Digital Leaders

Digital champions

 

One of the most transformative components of a successful 1-to-1 programme is free, available in every classroom and keen to learn. That component is the student body, or more importantly, those willing to act as Digital Leaders. Such is the success of Digital Leader programmes throughout the UK that there is a nationwide framework of Digital Leaders sharing tips and resources. Contact can be made through the Digital Leader network that can be found at www.digitalleadernetwork.co.uk Highly recommended as a starting point for research and collaboration.

Whilst the concept of handing over responsibility might be difficult for some staff, it is crucial that they embrace the help students can offer when using technology in the classroom. Indeed, many staff will be fearful of technology full-stop, so having a trained, trusted and knowledgeable set of helpers in the classroom can relieve teachers of this psychological load. They don’t need to understand how it all works, they just need to understand why it is useful for learning.

A teacher should be supporting the learning process and not have to deal with any user issues with technology. Chromebooks and iPads are very robust as tools for learning. However, the same cannot always be said of the user. Failure to update apps or remember simple workflows are a headache for any 1-to-1 programme coordinator. The onus should not be on the teacher in the classroom to troubleshoot these issues. Likewise the IT team don’t need to babysit the students as they use the device. Step forward Digital Leaders and the wealth of knowledge and support they can bring to a 1-to-1 programme.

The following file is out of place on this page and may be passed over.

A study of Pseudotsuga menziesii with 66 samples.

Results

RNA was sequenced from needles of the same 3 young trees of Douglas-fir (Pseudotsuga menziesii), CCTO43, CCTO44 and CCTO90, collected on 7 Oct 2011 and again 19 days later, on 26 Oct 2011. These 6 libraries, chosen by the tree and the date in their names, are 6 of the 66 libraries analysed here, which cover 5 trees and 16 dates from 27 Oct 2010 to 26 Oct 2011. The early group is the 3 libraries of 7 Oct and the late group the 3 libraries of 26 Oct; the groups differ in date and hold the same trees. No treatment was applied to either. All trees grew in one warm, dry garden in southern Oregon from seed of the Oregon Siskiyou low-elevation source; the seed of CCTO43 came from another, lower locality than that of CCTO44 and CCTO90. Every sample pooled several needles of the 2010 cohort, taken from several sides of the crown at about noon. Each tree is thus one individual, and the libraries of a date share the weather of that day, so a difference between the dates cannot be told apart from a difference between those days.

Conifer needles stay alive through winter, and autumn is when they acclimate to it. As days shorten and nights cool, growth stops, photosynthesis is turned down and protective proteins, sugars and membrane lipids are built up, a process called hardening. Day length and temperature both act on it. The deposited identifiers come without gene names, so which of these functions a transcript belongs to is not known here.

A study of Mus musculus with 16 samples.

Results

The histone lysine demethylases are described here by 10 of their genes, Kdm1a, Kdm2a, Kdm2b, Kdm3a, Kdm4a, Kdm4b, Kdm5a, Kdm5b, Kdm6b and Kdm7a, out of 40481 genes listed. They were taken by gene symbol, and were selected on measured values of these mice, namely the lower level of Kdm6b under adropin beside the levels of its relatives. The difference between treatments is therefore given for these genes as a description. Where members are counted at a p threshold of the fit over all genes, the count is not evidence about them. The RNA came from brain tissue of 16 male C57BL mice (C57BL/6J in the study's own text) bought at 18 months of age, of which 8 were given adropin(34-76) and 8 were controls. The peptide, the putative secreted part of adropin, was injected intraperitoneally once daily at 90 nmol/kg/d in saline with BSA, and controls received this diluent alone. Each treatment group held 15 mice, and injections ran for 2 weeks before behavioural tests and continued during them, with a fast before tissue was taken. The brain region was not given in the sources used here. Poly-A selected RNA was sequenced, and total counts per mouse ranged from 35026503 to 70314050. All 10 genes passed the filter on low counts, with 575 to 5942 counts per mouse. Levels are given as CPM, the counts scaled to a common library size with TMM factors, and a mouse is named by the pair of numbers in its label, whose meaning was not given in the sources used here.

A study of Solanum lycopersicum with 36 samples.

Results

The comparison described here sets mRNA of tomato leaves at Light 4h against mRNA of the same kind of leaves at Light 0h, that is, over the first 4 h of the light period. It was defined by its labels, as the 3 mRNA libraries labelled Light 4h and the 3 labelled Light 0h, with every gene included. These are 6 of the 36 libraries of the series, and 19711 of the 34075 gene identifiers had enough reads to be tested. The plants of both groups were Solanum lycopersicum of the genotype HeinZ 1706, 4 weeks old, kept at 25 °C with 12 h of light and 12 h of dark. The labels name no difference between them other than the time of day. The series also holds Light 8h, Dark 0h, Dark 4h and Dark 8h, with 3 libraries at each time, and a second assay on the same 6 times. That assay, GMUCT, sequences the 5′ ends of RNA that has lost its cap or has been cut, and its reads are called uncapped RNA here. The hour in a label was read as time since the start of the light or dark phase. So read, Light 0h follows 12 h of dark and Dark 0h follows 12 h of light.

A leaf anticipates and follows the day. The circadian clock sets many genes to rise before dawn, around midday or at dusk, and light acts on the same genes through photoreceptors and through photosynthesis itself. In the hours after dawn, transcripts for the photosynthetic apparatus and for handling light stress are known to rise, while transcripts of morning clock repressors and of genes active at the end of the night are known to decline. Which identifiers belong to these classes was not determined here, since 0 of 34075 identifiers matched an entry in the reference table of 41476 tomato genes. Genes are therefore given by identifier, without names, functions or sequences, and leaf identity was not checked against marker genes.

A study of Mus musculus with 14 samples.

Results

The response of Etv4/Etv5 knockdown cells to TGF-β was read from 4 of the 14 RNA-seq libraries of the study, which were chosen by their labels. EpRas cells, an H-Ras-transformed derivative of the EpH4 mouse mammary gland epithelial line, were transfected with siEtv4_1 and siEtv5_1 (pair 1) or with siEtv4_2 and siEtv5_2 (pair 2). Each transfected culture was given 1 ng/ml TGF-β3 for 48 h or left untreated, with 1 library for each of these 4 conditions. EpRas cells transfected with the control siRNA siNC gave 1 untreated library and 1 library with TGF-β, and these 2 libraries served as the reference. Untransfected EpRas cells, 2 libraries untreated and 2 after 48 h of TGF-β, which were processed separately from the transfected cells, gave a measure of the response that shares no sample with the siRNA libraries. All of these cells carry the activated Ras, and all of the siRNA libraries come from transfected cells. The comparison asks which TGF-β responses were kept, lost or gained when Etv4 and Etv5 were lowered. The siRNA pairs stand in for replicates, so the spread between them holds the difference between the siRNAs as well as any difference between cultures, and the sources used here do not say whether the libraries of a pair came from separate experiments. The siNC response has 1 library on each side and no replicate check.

The aim is to provide a teacher with the ability to say to a student ‘if you’re having an issue with that application, speak to our wonderful Digital Leaders when I’ve finished explaining what we’re going to do’. Whilst this may sound idealistic, programmes like this have been used for decades in schools. Whether it is representatives for school council, milk monitors or library duty, students are very good at taking on roles of responsibility. The key is to manage the start-up and training process in such a way that the Digital Leaders are almost self- sufficient with a little support from staff.

Thankfully students are curious. Without this curiosity, a Digital Leader programme wouldn’t be so successful. Show them something they are interested in and they want to know more. If they come up against a barrier, they want to overcome it. If they can find out something no-one else knows, they want to share it. Successful Digital Leaders are the epitome of the curious student with more to offer schools than perhaps any other student body at this time. The classroom environment is changing and students and teachers need their help.